Home Prices Hit New Highs in May 2023
In a surprising turn of events, home prices have soared to record heights in May 2023, according to the Black Knight Home Price Index. As we explore the reasons behind this surge, we uncover two significant factors influencing the housing market. A decline in new listings, coupled with the growing acceptance of higher interest rates among buyers, has contributed to the present situation. But where is the demand coming from amidst high prices and limited supply?
Why Prices Are Surging & Current Median Home Price
According to investment firm Black Knight Home Price Index, home prices hit a record high in May. Currently, 2023 is on pace to have about an 8.9% appreciation, which is not far off from some of the double-digit returns that we saw just a couple of years ago. There are really two main components to why are we seeing this surge in prices once again.
First, new listings are down about 25% year over year nationwide and we're actually seeing about 30% decline here locally in the Huntsville, Alabama market. This trend is primarily due to many homeowners experiencing the "mortgage rate lockdown" effect, wherein they have secured mortgage rates at 4% or lower, resulting in a lack of motivation to sell their properties, especially when current interest rates are closer to the 7% range.
The second significant factor is that buyers are gradually adjusting to the higher interest rates. While these rates might not be considered high when viewed historically over the last 50 years, they do stand as relatively high compared to the past 20 years. As a result, buyers are adapting to this new norm, becoming more comfortable with rates at 7%, which, in turn, is causing a continuous increase in housing prices.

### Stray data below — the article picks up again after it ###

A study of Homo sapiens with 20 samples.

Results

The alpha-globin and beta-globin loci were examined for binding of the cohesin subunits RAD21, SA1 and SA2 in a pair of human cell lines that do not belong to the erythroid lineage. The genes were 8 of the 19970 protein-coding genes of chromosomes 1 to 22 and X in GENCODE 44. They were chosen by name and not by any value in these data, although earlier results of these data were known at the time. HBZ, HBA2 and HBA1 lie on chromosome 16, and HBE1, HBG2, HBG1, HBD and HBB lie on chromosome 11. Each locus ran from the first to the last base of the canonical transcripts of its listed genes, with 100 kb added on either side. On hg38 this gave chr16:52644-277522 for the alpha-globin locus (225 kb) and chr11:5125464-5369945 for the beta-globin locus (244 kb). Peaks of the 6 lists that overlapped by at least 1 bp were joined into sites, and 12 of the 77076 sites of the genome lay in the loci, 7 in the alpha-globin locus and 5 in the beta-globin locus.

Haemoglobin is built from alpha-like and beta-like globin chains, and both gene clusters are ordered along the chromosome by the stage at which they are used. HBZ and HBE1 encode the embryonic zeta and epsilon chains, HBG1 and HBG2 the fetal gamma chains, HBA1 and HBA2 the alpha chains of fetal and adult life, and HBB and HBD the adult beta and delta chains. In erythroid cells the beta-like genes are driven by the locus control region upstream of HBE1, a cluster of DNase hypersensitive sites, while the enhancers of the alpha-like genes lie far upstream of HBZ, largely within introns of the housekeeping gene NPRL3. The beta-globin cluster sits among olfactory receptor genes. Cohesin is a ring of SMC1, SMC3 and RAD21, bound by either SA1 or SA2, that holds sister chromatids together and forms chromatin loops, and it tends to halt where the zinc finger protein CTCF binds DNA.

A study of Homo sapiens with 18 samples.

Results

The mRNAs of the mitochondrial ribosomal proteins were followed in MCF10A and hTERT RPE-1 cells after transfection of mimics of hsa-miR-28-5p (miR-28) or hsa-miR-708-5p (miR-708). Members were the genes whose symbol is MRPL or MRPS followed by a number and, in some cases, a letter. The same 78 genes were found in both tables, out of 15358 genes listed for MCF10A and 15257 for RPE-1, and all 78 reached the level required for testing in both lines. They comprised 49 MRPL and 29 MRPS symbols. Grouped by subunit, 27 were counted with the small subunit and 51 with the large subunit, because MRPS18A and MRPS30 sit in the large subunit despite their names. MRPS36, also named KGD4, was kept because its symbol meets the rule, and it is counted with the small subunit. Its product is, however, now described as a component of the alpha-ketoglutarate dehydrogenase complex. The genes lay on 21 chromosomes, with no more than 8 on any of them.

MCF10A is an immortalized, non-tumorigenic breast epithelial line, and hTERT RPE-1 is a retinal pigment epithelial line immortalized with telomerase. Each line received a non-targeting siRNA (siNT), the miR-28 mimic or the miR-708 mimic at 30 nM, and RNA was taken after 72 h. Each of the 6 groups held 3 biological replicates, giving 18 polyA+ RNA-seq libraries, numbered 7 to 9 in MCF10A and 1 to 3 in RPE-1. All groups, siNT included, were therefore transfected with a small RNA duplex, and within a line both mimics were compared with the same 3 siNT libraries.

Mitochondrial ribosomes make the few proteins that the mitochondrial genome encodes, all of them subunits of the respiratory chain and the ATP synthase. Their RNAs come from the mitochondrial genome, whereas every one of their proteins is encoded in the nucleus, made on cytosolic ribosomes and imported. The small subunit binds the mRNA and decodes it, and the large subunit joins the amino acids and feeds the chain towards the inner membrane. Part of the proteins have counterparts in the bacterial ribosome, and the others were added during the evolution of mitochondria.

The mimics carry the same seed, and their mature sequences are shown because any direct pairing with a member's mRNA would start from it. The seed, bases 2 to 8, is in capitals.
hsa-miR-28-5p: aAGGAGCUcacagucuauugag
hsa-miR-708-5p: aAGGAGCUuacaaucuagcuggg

As of May, the median price of existing homes nationwide has reached $396,100, while in our local market, it stands at $340,400. North Alabama proves to be more affordable compared to the rest of the nation. However, when we focus solely on the average price in Huntsville, we find it to be quite close to the national figure, coming in at $387,000.
With High Prices, Where is Demand Coming From?
If the housing supply is low and prices are high, where are all these buyers coming from? It really comes down to two things, cash buyers and the D's.
We're sitting at about 70% of the market high in terms of transaction levels. Normally, about 25% or so of the market transacts in cash. Now that we have higher interest rates and we have more money in the system through inflation and money printing from the Fed, cash buyers are actually making up about 40%. Baby boomers, in particular, are benefiting from this situation, as they possess significant cash reserves and are making more cash offers not only for themselves but also for their children. This approach allows them to view it as a more profitable investment than keeping the cash in the bank, where it may only earn around 4% to 5% in Treasuries or CDs. By paying cash for a mortgage instead, they avoid a 7% interest rate, resulting in a better return on their investment.
Another contributing factor is what we refer to as the "D's." This encompasses various life situations: diplomas, where individuals graduate and desire a new home; distance, as people seek to relocate for new jobs or to be closer to family; and distressing events like divorce and death. On the brighter side, there are also joyful occasions like "diapers," when new additions to families require more bedrooms in their homes.
With the D's and cash buyers, that's equating to 70% of the highs and that's really where we're seeing most of the volume in this market right now.
Posted by Matt Curtis
If you're wanting to get into this market before prices get too out of control or you want to take advantage of the equity that you have and move up to your next home, shoot us an email at firstname.lastname@example.org or contact us here.